Sperone Westwater
257 Bowery, between Houston and Stanton, 212 999 7338
East Village / Lower East Side
February 25 - March 26, 2011
Reception: Friday, February 25, 6 - 8 PM
Web Site

Sperone Westwater presents Larva, Bubble, and Thread, an exhibition of new mixed-media paintings by Emil Lukas. Lukas uses larva, bubble wrap and thread, along with the more traditional materials of paint, ink and paper. His works juxtapose pattern and randomness and reflect the intricacies of nature, and the beauty that grows from chaos as well as the everyday. This is the artist’s first exhibition at Sperone Westwater.

Lukas’ thread paintings are at once random, yet precisely composed. For works such as Floating Bowl (2010) and Son (2010), Lukas pulls thousands of colored threads from one side of a frame to another. Lukas avoids repeating the same angle, while making an effort to cover up certain areas of the composition and leave other parts vacant. In describing his process, Lukas says he is “constantly finding a pattern and dividing or dispersing it…the pattern is almost the denial of a pattern.” Up close, one can see a multitude of colors, threads, angles, and lines, but from a distance each work dissolves into a symmetrical composition, suggestive of a mathematical and architecturally driven process.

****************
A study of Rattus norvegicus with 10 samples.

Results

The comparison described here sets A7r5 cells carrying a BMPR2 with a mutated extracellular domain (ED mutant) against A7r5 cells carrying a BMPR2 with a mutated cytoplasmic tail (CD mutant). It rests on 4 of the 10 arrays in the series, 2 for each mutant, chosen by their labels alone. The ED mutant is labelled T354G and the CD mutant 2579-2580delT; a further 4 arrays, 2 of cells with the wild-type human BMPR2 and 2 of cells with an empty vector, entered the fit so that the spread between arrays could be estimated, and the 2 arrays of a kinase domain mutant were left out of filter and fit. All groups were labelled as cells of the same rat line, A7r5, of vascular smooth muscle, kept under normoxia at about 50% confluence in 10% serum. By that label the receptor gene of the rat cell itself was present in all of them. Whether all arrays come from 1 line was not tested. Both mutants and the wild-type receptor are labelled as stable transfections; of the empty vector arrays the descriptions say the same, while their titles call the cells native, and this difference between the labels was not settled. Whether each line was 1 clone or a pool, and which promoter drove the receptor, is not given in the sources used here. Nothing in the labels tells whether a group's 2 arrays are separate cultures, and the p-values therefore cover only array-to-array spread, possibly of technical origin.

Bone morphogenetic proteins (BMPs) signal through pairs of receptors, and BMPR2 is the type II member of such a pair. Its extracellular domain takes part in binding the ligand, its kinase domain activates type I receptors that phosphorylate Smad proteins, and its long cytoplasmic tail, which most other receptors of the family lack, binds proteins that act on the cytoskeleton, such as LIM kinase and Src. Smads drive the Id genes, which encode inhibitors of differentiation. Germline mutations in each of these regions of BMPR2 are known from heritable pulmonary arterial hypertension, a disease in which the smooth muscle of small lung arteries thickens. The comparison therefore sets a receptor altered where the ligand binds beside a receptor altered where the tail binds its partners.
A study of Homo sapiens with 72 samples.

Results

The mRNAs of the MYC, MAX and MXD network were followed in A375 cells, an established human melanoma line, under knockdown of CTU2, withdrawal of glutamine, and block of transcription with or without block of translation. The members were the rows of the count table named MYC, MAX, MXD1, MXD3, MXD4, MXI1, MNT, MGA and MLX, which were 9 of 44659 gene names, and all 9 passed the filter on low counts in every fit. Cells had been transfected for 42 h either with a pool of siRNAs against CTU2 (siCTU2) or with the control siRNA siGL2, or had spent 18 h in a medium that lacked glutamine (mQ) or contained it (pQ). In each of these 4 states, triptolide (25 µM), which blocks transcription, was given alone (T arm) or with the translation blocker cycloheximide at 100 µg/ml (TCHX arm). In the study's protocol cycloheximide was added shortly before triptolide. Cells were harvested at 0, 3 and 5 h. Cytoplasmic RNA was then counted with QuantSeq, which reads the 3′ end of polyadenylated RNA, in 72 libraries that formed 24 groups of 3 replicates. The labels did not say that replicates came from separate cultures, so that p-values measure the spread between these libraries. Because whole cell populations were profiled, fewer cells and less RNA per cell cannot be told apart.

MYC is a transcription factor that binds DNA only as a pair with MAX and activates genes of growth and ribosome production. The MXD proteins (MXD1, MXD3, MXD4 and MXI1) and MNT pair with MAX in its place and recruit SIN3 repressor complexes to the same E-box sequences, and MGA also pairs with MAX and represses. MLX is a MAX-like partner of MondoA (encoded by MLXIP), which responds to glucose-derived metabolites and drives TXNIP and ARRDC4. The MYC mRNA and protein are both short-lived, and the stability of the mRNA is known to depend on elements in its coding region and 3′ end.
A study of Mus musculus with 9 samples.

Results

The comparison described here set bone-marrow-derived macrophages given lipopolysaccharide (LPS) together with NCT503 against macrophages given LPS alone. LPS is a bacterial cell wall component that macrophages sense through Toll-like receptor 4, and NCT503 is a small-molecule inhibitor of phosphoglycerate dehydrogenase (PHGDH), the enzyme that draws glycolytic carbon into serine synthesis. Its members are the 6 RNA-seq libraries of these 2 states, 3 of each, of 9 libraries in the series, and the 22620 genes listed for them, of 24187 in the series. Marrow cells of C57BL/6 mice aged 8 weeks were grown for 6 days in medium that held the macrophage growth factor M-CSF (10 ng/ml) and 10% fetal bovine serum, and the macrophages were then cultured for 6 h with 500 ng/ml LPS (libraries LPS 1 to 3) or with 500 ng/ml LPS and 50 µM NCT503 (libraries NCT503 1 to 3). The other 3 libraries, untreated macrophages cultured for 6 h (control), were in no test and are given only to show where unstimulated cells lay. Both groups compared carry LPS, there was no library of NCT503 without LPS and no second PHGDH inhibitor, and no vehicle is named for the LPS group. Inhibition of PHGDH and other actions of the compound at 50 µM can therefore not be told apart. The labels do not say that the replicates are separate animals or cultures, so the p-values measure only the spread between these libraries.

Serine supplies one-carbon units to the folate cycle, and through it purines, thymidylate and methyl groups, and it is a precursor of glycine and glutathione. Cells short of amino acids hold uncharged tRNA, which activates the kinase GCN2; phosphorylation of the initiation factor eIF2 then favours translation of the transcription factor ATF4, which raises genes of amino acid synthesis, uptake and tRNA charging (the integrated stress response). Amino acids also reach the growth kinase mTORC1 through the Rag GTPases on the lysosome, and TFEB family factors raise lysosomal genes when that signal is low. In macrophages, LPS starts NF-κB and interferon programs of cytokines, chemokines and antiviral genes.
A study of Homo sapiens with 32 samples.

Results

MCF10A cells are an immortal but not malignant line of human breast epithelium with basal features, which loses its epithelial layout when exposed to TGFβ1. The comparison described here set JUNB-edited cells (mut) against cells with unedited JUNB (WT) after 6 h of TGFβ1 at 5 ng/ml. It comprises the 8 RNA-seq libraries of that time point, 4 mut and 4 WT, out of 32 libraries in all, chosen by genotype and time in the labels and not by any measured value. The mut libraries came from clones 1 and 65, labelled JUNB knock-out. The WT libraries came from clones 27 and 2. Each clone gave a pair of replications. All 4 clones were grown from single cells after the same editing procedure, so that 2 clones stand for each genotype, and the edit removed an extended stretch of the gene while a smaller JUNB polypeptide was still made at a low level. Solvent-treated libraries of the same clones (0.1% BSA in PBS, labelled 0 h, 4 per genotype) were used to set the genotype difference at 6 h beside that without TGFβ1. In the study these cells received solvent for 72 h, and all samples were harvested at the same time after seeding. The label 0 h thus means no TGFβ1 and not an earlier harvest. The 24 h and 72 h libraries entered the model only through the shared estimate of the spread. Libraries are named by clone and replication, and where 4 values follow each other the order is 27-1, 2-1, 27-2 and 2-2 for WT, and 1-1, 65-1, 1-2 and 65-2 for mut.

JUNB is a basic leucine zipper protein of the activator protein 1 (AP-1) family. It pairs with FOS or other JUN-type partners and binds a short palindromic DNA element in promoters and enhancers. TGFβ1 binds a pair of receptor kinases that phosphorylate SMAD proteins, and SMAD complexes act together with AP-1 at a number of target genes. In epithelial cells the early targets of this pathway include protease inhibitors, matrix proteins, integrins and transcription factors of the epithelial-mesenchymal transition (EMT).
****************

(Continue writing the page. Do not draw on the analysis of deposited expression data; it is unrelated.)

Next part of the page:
The element of chance is present throughout Lukas’ larva works. In paintings such as Twine (2010), the artist releases larvae into a sealed, prepared, environment where moisture, light, ink and paint color are controlled. As the larvae travel across the surface, they interact with the paint and ink, creating random and sinewy lines. Lukas establishes the context; however, it is the larvae’s movement that produces the marks – the traces of nature, the abstract remains of passage.

Unlike the larva works, Lukas’ bubble paintings originate from a common, man-made material. For works like In Side (2010), Lukas makes watercolor paper cast from a sheet of bubble wrap. The back of the cotton/bubble mold is flat like a traditional canvas, while the front is undulated and shaped by the impression of the bubbles.

Born in 1964 in Pittsburgh, PA, Emil Lukas had his first solo show in 1985 and has since continued to exhibit throughout the United States and abroad. Lukas has had solo exhibitions at The Aldrich Contemporary Art Museum in Ridgefield, CT, The Mattress Factory in Pittsburgh, PA and The Weatherspoon Museum in Greensboro, NC.